Puffins, shags and razorbills doing well, says NTS
Some species of seabirds have had their most successful breeding seasons for a decade, the National Trust for Scotland (NTS) has said.
Conservationists have been concerned by long-term declines in the birds. In May, RSPB Scotland said "urgent action" was needed to halt falling populations.
NTS said kittiwakes, razorbills, shags, puffins and common guillemots have had a good season.
The successes have been recorded on Mingulay, Canna and St Kilda.
There were 1,642 pairs of Kittiwakes trying to nest on Mingulay, up 46% since last year, according to NTS.
Studies carried out by the Highland Ringing Group on Canna suggested that kittiwakes were up 14% since last year and also had "excellent breeding success".
Guillemots and razorbills also experienced better breeding success and higher numbers than in recent years.
Researchers also located five occupied nest burrows of Manx shearwaters at three locations around Canna.
Rats had wiped out shearwaters on the island, but a pest eradication project, completed in 2006, has helped the birds to re-colonise.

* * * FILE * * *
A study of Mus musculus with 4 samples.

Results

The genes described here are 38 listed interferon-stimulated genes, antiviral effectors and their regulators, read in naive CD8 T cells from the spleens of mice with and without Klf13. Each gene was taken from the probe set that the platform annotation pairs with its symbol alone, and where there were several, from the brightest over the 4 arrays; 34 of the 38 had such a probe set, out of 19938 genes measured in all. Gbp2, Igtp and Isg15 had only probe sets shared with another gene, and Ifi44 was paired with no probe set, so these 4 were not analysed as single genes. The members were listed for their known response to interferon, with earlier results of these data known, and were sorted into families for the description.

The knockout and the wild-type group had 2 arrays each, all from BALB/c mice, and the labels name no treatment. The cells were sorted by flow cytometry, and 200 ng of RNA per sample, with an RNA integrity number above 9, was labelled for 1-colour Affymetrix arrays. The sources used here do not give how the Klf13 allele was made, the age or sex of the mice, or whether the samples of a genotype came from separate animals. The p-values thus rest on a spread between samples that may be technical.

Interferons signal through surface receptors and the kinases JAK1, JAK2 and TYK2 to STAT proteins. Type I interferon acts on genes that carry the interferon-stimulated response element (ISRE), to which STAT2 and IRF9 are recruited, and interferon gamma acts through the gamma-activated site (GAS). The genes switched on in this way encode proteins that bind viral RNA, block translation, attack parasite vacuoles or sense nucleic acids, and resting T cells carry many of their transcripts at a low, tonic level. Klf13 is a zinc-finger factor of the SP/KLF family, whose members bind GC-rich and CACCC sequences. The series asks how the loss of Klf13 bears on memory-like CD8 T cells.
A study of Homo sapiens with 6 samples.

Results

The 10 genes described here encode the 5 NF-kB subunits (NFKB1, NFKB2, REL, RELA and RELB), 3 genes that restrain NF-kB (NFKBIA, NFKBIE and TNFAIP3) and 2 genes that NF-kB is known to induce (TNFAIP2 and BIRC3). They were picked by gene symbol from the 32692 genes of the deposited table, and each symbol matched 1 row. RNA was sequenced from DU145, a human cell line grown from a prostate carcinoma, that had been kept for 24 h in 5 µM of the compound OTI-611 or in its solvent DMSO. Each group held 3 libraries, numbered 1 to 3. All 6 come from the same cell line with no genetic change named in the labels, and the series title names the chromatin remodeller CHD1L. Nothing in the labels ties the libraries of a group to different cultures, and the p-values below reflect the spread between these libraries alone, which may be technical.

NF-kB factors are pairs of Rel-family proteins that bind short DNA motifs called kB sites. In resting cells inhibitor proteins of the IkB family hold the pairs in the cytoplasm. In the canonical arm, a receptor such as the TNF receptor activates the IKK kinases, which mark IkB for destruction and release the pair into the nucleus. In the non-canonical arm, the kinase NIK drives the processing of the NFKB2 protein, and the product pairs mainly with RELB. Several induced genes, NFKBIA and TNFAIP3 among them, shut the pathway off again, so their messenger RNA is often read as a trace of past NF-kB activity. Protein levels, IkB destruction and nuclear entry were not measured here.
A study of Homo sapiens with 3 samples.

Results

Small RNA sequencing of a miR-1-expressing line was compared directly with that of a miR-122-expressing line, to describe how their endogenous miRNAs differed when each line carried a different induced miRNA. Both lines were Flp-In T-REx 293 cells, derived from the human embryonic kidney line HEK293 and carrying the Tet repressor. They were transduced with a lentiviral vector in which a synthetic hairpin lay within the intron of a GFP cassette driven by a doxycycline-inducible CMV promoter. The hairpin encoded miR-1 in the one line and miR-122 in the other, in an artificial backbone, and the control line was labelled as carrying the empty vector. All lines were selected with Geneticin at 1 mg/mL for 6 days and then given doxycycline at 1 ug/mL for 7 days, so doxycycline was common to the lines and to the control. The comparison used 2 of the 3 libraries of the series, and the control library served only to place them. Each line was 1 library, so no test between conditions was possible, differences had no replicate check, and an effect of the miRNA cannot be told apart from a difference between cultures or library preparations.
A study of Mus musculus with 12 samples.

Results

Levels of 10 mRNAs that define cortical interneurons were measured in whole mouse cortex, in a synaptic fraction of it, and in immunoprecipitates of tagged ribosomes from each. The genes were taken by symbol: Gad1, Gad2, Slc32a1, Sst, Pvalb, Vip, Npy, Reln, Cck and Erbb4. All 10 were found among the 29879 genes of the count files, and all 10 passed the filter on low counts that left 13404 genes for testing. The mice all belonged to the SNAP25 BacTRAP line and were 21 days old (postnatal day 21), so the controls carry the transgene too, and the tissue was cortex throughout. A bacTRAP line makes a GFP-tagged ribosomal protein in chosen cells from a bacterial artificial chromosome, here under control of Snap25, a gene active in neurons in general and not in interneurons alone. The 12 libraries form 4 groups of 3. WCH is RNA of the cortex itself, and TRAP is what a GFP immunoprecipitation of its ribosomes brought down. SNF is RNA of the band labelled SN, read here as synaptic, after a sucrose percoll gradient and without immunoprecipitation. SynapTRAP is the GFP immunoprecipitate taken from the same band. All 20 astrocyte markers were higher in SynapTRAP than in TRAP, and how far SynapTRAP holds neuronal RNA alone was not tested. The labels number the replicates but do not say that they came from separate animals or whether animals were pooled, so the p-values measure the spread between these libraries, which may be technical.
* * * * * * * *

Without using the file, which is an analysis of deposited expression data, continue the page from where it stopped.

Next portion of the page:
On St Kilda, NTS said annual monitoring suggested that puffins have had much greater breeding success than in recent years.
Dr Richard Luxmoore, the trust's senior nature conservation adviser, said: "Many seabirds have experienced a good breeding season at colonies in the west of Scotland.
"After several years of bad news it is encouraging to be able to report that several species have had their best season in 10 years."
Bob Swann, of the Highland Ringing Group, added: "It was great to see the colonies so full and so noisy this summer.
"Although we are unlikely to see a return to the peak numbers of the 1980s and 1990s, I'm hopeful that the declines may have stopped and, for some species, even reversed."